Have you ever wondered what would happen if you took millions of people and made them all get up an hour earlier than normal? Well, in many countries we do this every spring with the observance of Daylight Saving Time (DST). And the data researchers have gathered from this practice reveals a variety of health and safety implications, and serves as a powerful testament on the importance of making sleep a priority.

A Brief History of Daylight Saving Time in the USA
Daylight Saving Time began as a wartime measure to conserve the fuel used to light and heat buildings in World War I. It wasn’t particularly popular though, and was abolished until World War II, where it was renamed “War Time” and made mandatory. At the end of the war, it was left up to states to decide whether to continue the practice, or return to their old timekeeping measures.

It wasn’t until 1967 that the United States formally adopted Daylight Saving Time for the majority of the nation. States are allowed to “opt-out,” as Arizona and Hawaii have done, but only if the entire state chooses to do so.

More recently, in 2005 Congress voted to extend Daylight Saving Time by one month, bringing the “spring forward” from April to March, and the “fall back” from October to November, to allow for longer daylight during the summer.

Effect on Sleep
A recent survey of over 1000 adults showed that 61% say changing the clock affects their sleep, and 40% report that it takes them at least one full week to return to a normal sleep schedule, according to the Better Sleep Council.

The change in time can affect your sleep schedule by disrupting your routine. If shiftworkers work until 8am, for example, they may be getting home and getting into bed around 9am. When the clock shifts, their bodies still feel like it is 8am, and are gearing up for the commute home.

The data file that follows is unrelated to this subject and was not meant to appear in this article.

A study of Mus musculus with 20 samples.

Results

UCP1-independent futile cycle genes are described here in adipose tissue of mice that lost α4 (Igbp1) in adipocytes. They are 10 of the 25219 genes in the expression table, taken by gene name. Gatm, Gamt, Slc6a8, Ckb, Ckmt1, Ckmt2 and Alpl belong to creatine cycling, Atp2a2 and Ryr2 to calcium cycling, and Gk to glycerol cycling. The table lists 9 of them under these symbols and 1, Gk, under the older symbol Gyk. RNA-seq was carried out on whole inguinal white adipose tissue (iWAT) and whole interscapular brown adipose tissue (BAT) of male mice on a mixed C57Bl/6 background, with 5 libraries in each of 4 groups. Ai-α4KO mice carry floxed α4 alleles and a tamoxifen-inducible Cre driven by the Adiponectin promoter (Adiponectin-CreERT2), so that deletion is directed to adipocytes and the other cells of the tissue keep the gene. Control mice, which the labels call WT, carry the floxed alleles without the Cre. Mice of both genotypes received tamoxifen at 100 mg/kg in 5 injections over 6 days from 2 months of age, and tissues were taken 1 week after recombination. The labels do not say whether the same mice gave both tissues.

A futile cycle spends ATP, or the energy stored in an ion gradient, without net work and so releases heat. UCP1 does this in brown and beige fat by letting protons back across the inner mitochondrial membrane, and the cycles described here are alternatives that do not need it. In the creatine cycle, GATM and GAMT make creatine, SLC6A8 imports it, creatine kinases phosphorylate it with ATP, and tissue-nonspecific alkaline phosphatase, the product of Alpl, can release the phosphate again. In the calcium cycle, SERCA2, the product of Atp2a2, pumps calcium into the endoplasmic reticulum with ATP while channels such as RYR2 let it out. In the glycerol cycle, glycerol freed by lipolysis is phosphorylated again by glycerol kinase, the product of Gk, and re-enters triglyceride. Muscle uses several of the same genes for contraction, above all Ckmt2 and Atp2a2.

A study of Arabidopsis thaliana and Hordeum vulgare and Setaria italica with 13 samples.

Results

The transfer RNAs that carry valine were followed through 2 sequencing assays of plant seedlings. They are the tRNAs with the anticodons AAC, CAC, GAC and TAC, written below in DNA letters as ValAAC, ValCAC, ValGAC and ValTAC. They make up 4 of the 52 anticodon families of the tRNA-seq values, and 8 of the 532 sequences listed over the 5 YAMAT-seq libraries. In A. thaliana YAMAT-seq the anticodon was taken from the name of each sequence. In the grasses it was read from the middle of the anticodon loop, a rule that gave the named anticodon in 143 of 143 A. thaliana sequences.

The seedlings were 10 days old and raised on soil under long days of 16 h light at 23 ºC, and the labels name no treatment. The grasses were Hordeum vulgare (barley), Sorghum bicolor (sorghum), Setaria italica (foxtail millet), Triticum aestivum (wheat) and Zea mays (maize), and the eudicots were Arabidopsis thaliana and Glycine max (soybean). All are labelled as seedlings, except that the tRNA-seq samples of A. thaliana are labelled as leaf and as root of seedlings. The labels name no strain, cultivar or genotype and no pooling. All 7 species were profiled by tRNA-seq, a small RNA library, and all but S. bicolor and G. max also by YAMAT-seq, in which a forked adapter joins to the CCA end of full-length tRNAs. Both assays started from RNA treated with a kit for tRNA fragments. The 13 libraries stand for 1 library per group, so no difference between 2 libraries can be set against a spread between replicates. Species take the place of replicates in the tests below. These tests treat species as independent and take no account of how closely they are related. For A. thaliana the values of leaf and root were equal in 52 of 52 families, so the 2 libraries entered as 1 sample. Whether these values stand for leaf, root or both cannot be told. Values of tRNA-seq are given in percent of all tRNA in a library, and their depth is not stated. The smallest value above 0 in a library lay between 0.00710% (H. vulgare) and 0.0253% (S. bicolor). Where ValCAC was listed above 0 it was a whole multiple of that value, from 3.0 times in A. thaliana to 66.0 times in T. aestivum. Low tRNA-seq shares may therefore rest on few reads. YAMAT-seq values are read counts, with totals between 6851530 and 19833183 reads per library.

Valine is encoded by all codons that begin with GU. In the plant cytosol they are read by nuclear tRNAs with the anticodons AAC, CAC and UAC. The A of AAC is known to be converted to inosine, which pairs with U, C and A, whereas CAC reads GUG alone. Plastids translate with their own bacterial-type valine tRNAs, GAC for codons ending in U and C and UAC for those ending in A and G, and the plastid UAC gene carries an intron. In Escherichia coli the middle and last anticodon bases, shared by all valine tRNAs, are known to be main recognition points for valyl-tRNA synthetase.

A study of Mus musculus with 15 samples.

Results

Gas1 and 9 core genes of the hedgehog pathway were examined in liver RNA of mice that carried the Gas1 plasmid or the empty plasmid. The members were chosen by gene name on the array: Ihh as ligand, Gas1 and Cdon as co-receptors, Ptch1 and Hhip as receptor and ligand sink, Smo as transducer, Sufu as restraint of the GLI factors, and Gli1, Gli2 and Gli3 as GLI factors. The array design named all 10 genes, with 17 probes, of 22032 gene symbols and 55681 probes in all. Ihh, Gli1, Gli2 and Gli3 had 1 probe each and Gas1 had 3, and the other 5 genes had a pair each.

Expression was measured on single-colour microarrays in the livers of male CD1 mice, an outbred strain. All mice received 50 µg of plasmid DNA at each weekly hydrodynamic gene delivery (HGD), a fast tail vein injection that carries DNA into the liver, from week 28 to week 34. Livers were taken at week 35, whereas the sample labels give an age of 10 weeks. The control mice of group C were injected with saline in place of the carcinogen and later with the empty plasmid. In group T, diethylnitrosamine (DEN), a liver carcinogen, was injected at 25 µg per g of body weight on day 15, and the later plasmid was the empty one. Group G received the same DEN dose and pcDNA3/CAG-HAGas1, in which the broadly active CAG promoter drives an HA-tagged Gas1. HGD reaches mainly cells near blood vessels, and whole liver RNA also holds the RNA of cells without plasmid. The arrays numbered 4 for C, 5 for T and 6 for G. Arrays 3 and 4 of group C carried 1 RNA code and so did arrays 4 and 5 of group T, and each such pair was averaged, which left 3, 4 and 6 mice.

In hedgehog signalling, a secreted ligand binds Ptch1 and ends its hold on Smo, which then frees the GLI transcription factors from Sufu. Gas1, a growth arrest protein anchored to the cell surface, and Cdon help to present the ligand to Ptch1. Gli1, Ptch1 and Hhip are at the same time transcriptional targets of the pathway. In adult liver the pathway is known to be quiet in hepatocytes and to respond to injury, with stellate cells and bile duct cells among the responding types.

Effect on Performance and Workplace Fatigue
A 2009 study reported in the Journal of Applied Psychology reviewed data from the National Institute of Occupational Safety and Health tracking mining injuries over a period of 23 years. The researchers found that on Mondays directly following our “Spring Forward” switch to Daylight Saving Time, workers were more likely to sustain injuries – and even worse, sustain even more severe injuries than usual.

Along with the performance effects comes a natural effect on sleep for many shiftworkers. Researchers also examined Bureau of Labor Statistics data and found that following the switch to Daylight Saving, workers tend to sleep on average 40min less than usual.

Traffic Accidents

Be extra cautious while driving the first Monday of daylight saving time because traffic accidents are 8.6% more common. That’s according to an analysis of Canadian data that appeared in the New England Journal of Medicine in 1996. (

Heart Attacks

A 2012 report in the journal Sleep Medicine reports that heart attacks are more likely in the first week after DST. Looking at nationwide data on hospital admissions in Sweden, researchers found that the incidence of heart attacks was 3.9% higher than usual in the first week after daylight saving time. (

Take Home Message

Daylight Saving Time serves as a reminder of the importance of making sleep a priority for all shiftowrkers. 

Managers should view Daylight Saving Time as an opportunity to emphasize the importance of practicing good sleeping habits to their shiftworkers. They should also advise their employees to be alert for accidents, incidents or decreased alertness. If employees are having a hard time "waking up" from Daylight Saving Time, then it might be the perfect time for your organization to refocus energy on ensuring shiftworkers get the best day's sleep possible.

Additional Sources:,0,2861449.story
Barnes, CM and Wagner, DT. “Changing to Daylight Saving Time Cuts Into Sleep and Increases Workplace Injuries.” Journal of Applied Pyschology 2009. Vol. 94, No. 5, 1305–1317.